Predecessor’s new game mode Brawl is punchy, but can it set itself apart from other MOBAs? Hands-on playtest

Predecessor Brawl Mode
London-based game developer Omeda Studios recently released its new casual game mode Brawl to third-person MOBA Predecessor. Jack Freeman gets to grips with it and shares some first impressions in this article.

Predecessor is somewhat of a spiritual successor to Paragon after its assets were made available when the project was shut down. The game differs from classic MOBAs with its third-person perspective and blend of sci-fi and fantasy elements.

Predecessor entered closed beta late last year, and hit 1m players in its free open beta earlier this year, which is available on Steam, the Epic Games Store, PlayStation 4/5 and the Xbox Series X|S. But how does it play?

Brawl is the game’s brand new 5v5 game mode where players engage in fast-paced battles on a new single-lane map to takedown enemy players and escort allied minions into the enemy portal, similar to Arena in Smite. Brawl accelerates gameplay with rapid gold accumulation and faster leveling, leading to shorter game durations that can last between 10-20 minutes.

What Brawl excels at is creating a fun environment for players to learn and explore the game, offering an experience that a practice mode cannot match. With quicker games, increased gold generation, and easy level-ups, Brawl allows players to mess around with the limits of the game.

It’s incredibly satisfying to dominate your opponents without getting bogged down by the complexities of macro/micro gameplay, ganking, and other intricate strategies. However, Brawl and by extension Predecessor as a whole falls short with its similarities to other MOBAs and therefore failure to stand out in an over-saturated market.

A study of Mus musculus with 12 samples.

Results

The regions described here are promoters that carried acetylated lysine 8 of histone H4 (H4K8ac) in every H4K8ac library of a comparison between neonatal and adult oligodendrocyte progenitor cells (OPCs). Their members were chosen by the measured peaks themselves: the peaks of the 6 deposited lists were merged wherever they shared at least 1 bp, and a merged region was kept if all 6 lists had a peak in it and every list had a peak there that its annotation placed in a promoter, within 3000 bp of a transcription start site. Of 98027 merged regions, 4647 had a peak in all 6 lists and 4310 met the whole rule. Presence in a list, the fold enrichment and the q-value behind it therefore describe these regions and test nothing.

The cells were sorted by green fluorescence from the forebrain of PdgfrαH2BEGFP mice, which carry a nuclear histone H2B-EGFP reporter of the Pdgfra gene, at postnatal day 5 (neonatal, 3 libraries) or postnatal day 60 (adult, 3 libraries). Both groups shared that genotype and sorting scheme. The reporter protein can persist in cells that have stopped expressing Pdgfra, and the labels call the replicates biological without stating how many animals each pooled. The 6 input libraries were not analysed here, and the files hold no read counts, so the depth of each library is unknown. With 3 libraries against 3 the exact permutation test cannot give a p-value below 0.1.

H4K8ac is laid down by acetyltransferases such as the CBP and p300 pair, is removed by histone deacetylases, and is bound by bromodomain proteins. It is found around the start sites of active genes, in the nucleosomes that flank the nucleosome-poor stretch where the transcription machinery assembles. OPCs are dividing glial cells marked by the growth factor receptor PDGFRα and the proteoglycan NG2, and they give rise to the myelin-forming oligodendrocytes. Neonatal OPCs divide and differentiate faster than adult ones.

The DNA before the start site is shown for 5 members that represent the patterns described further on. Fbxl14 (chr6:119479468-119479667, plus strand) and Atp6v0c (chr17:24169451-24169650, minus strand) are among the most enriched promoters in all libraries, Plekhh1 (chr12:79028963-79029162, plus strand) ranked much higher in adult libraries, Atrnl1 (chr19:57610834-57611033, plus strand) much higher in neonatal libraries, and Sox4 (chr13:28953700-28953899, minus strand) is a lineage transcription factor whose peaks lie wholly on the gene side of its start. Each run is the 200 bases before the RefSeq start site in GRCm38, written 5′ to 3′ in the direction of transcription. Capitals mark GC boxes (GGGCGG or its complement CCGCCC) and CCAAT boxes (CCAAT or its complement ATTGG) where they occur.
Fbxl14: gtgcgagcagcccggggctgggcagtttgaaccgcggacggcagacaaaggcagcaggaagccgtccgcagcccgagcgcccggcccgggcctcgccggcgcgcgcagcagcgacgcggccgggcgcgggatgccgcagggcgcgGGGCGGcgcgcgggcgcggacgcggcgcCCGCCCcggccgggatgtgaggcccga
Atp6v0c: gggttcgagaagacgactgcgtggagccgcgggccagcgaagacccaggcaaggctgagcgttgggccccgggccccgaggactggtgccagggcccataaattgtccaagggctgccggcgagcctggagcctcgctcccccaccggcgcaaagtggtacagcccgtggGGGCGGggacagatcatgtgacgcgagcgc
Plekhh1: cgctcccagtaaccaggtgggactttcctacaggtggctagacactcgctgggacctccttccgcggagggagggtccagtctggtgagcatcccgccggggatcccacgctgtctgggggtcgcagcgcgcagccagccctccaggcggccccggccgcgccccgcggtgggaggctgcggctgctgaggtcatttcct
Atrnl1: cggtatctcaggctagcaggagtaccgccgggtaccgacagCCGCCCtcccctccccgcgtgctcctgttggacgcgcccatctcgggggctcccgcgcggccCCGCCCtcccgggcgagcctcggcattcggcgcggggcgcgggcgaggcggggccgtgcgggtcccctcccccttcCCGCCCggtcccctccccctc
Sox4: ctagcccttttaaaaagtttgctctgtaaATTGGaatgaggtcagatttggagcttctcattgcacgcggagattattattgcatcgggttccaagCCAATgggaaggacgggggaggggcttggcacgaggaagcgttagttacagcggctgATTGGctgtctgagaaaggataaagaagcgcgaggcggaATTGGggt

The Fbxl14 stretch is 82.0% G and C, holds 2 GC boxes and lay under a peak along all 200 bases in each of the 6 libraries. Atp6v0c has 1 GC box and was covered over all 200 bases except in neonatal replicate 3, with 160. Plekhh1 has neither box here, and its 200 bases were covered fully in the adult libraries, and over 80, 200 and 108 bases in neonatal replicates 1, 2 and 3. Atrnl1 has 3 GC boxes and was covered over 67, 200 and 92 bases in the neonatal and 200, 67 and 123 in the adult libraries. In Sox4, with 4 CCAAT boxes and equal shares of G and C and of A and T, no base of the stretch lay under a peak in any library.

Brawl shares parallels with Smite’s casual Arena mode, borrowing elements such as items, crests (akin to relics), and an auto-buy option for items. The similarities don’t stop there as Predecessor also take cues from other MOBAs, with some heroes’ abilities mirroring those of League of Legends champions, like TwinBlast’s resemblance to Lucian.

Dota 2 players will also find familiarity in the mechanic of gaining experience only when near dying minions.

Despite these commonalities, Predecessor struggles to carve out a unique gameplay experience, a challenge that also plagued Paragon. Its main selling point, the verticality in map design, remains underexplored, preventing it from standing out.

Overall, Brawl is an excellent casual game mode for players seeking a more relaxed experience. It serves as a great entry point for those curious about the game’s feel. Yet, Predecessor still needs to establish itself as a distinct title capable of competing with well-established rivals in the genre.